If you need a good laugh today, I invite you to read this post from WND about how the Clinton Foundation's financial troubles could bring down PwC. It's a hoot.
A respected Wall Street analyst who has been investigating the Clinton Foundation’s finances alleges the “Big Four” accounting firm PricewaterhouseCoopers was a willing participant in a scheme by the Clintons and their associates to become personally enriched by the foundation, a crime known as inurement.Charles Ortel, a frequent guest on Bloomberg television and a contributor to the Washington Times and others, says in a draft report that he found “the PWC accounting work product for 2013 is riddled with uncorrected errors and falsehoods” as well as procedural defects so severe he has raised the possibility “the Clinton Foundation might be PWC’s Enron.”
“PWC states that the firm relied upon the work product of BKD for 2012, implying that in preparing the 2013 audited financial statements PWC accepted the BKD financial statements without modification,” Ortel explains.“This is certainly not the case,” Ortel continues, “as can be clearly seen by comparing BKD’s financial statement for the Clinton Foundation for year-end 31 December 2012, with the consolidated balance sheet for the Clinton Foundation that PWC used as a starting point on 1 January 2013 in its 2013 audit.”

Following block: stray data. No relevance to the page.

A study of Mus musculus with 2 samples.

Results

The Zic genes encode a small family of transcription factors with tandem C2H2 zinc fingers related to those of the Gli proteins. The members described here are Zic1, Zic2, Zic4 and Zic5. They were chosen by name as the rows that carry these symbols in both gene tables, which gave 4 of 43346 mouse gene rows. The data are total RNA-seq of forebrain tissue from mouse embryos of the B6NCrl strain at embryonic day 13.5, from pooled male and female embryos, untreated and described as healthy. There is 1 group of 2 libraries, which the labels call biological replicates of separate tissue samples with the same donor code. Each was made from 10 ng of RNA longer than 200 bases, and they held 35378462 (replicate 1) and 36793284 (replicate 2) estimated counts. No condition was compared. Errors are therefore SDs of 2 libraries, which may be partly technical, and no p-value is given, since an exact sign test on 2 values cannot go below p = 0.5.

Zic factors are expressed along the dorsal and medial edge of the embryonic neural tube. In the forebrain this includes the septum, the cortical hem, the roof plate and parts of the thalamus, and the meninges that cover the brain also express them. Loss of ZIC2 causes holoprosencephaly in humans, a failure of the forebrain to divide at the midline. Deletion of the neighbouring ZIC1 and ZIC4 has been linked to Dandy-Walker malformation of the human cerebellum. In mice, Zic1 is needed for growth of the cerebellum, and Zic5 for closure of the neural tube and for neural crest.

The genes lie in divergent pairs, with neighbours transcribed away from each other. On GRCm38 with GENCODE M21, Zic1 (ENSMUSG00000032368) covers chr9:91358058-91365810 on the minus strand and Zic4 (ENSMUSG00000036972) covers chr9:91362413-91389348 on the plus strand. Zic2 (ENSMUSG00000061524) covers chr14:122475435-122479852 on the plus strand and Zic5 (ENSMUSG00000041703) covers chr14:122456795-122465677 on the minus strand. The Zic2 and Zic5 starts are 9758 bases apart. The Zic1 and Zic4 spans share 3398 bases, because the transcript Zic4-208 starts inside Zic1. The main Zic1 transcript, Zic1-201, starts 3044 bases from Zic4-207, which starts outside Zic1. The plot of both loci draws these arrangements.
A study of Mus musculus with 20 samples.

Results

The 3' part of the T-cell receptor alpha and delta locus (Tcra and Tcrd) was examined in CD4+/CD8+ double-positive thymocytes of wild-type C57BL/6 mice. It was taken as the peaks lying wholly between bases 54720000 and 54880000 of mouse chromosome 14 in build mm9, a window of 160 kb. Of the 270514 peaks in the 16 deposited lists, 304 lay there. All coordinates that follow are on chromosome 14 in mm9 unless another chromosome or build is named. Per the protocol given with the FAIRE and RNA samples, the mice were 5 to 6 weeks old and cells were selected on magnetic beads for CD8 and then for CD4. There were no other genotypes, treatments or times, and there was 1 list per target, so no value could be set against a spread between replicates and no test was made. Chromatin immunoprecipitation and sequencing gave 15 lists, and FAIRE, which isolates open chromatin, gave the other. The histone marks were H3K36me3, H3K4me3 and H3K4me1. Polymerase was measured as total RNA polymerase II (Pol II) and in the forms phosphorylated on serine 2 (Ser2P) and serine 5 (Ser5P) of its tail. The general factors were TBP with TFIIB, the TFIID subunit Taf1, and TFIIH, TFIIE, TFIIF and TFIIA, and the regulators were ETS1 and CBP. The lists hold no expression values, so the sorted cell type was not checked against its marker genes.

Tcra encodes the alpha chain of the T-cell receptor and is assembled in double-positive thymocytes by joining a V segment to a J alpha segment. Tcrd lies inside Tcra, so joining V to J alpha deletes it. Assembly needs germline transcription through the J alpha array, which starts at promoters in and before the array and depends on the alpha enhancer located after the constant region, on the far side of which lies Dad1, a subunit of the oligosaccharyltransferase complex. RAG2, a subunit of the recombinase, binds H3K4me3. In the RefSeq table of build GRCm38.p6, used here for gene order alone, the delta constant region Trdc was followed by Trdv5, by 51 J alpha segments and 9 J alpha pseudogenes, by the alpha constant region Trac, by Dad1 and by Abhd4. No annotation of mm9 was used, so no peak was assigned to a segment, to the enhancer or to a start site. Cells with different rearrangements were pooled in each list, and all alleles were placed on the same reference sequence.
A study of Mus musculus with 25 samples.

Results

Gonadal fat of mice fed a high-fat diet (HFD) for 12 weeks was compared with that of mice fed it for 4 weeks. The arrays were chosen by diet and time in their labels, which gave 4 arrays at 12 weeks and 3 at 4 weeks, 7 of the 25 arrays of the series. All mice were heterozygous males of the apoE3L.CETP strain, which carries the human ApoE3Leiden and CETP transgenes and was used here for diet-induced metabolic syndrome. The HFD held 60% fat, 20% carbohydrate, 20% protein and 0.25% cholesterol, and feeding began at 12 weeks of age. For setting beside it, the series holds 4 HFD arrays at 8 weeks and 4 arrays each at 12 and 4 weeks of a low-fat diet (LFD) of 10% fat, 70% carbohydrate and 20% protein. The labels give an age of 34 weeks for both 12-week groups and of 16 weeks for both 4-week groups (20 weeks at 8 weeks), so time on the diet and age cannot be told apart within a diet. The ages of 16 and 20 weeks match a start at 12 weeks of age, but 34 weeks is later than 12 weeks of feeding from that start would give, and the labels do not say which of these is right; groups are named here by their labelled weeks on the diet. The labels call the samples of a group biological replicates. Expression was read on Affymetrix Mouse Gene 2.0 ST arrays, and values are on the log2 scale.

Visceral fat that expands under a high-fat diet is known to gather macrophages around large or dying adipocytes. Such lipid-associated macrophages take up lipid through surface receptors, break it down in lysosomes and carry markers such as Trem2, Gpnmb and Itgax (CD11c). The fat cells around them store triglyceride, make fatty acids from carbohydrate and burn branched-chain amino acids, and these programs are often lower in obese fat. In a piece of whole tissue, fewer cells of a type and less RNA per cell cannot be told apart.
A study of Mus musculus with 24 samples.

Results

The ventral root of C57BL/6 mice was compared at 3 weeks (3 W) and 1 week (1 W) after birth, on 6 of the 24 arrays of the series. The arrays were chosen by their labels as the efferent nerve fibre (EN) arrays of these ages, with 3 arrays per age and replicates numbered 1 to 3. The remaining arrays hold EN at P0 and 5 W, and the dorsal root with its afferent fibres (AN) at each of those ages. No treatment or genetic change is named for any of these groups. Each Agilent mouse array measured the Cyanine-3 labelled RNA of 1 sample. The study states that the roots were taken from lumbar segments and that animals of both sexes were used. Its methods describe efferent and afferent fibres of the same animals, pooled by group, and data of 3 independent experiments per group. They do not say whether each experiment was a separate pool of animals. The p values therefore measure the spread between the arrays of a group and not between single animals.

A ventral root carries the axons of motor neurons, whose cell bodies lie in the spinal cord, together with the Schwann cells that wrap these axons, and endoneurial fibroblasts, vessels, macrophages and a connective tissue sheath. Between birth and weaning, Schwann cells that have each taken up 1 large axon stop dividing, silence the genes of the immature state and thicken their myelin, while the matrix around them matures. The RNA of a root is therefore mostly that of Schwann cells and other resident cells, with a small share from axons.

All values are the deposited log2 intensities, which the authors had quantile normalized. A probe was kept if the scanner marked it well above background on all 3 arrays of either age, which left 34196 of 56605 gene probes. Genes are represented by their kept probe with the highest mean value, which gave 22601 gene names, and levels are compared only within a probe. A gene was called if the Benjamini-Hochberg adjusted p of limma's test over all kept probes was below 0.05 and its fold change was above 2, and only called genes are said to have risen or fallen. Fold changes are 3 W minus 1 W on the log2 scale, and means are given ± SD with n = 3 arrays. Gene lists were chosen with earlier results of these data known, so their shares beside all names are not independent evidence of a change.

This is where the freaking out begins:
Ortel says the adjustments made by PWC to BKD’s audit of the Clinton Foundation’s financials at Dec. 31, 2012, raise several troubling questions:
How did $3.1 million in cash disappear?
It didn't disappear.
Cash is by far the easiest asset to quantify and verify – what did BKD miss in its audit and what explains PWC’s conclusion?
BKD didn't miss anything. Accountants and auditors reach different conclusions all the time.
How loose are the financial controls over the Clinton Foundation’s cash accounts at headquarters and in the many foreign locations in which it operates?
Oh, shut up.
What factors led PWC to place a significantly higher value on the Clinton Foundation’s investments as of Dec. 31, 2012 ($3,449,166 as compared to $1,638,057)?
Sometimes cash is, like, cash cash. You know, the paper that's stuffed into briefcases and handed over to people in parking garages to make murders look like suicides. Other times cash isn't cash because it's not really liquid, so people — auditors, usually — call it investments. Call it a hunch, but PwC figured that some of this "cash" wasn't really "cash" but instead was "investments," so they reclassified (i.e. moved a few things around) it as "investments." Accounting can be tricky!
What entities agreed to lower the stated value of obligations owed to them by the Clinton Foundation as of Dec. 31, 2012, and what were the specific reasons for these downward adjustments?
They probably just paid some bills, bro.
How did the total downward adjustment in liabilities happen to equal precisely the net amount by which the Clinton Foundation’s assets were reduced by PWC as of Dec. 31, 2012?